Amnesty accuses Turkey of abuse on 'massive scale'

Human rights widely violated in Gezi Park crackdown

02 October, 20:22

    Turkish riot police arrest a protester during clashes in Istanbul during Gezi Park's protests Turkish riot police arrest a protester during clashes in Istanbul during Gezi Park's protests

    (ANSAmed) - ANKARA - Amnesty International released a report Wednesday accusing Prime Minister Recep Tayyip Erdogan's government of turning a blind eye to killings, torture, sexual abuse and persecution during the 'brutal' crackdown on Gezi Park protestors. The London-based organisation said human rights abuses had occurred ''on a massive scale''. Andrew Gardner, Amnesty International's head expert on Turkey, spoke out against ''the wholesale denial of the right to peaceful assembly and violations of the rights to life, liberty and the freedom from torture and ill-treatment''. Hundreds of thousands of youths took part in the large anti-Erdogan protests held in June, demanding more democracy and speaking out against the re-Islamicisation of the country underway. Erdogan's merciless crackdown had a heavy toll: six dead and 8,000 injured, ten of whom lost their sight after being hit to the head by tear gas canisters or to the face by rubber bullets shot point-blank. One 14-year-old boy is still in a coma, and some 5,000 were arrested. About 1,000 will be charged, according to press reports, some of whom for ''terrorism''. The Islamic prime minister has often lashed out at the peaceful demonstrators, calling them ''vandals'' and ''terrorists''. Amnesty noted that little had been done to bring the perpetrators of abuse to justice, while thousands of protestors had instead been arrested and hundreds might have to stand trial simply for organising or taking part in a protest. Moreover, it said, journalists, doctors and lawyers who documented what happened, helped the protestors or stood up for their rights have been arrested, beaten, threatened or harassed. And despite the ''systematic abuse'', the authorities continue to praise the police, with Erdogan even calling the police efforts ''legendary''.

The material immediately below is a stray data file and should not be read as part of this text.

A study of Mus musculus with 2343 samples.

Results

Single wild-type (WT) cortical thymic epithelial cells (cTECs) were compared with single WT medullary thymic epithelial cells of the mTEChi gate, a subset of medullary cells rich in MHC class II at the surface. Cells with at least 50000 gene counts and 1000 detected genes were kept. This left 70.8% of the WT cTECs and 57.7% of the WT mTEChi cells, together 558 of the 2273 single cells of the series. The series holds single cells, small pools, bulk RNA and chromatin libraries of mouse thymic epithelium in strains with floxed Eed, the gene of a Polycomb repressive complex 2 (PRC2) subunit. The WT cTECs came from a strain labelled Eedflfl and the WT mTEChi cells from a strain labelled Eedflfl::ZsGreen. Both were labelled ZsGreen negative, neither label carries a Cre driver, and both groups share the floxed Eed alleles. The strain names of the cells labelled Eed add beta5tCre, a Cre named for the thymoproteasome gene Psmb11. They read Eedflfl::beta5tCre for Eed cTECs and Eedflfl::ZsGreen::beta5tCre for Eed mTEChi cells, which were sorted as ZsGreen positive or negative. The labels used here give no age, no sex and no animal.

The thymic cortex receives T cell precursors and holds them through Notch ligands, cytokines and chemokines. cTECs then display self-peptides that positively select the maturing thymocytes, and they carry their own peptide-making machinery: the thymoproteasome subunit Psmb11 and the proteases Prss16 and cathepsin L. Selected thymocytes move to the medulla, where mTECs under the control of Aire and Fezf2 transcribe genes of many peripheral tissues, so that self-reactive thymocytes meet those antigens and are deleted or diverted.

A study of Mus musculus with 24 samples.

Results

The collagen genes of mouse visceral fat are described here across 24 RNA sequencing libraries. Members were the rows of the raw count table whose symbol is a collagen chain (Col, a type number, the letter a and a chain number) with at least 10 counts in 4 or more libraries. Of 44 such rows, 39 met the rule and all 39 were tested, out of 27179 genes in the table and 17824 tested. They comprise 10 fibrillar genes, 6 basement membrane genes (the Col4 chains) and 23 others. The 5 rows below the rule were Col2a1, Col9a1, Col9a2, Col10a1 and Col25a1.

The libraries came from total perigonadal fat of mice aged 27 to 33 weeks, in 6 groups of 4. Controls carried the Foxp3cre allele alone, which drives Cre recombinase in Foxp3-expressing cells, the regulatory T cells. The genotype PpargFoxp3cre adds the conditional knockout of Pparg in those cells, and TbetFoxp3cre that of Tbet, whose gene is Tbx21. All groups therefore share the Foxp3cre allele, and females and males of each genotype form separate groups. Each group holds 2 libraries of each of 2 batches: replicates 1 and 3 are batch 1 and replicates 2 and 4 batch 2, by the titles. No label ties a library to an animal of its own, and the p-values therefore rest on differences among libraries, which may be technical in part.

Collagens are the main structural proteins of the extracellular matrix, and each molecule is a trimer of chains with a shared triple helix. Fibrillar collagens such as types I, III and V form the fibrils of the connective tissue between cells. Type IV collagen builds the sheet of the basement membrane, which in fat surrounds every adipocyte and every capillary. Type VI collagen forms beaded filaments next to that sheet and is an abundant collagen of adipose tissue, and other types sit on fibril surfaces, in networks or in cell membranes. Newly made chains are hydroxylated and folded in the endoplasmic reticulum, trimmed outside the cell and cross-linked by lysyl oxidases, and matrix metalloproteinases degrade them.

One of the stories Amnesty cited was that of Ethem Sarisuluk, a 22-year-old Alevi worker who was shot in the head on June 1 and died on June 14. The policeman who shot him was charged a month later only for ''manslaughter due to excessive self-defence''. Ethem's family have said they have been subject to police pressure and intimidation to withdraw the report. Two witnesses have been arrested and Ethem's father reported to the police for writing a protest slogan on a wall when the boy was dying. Amnesty International said that it had received reports of harassment and sexual assault by the police against those arrested, with several accounts of women threatened with rape.

    It cited the cases of two girls who publicly denounced the incidents, but said that it was likely that the number of actual incidents of physical, sexual and verbal abuse was much higher than that reported.(ANSAmed).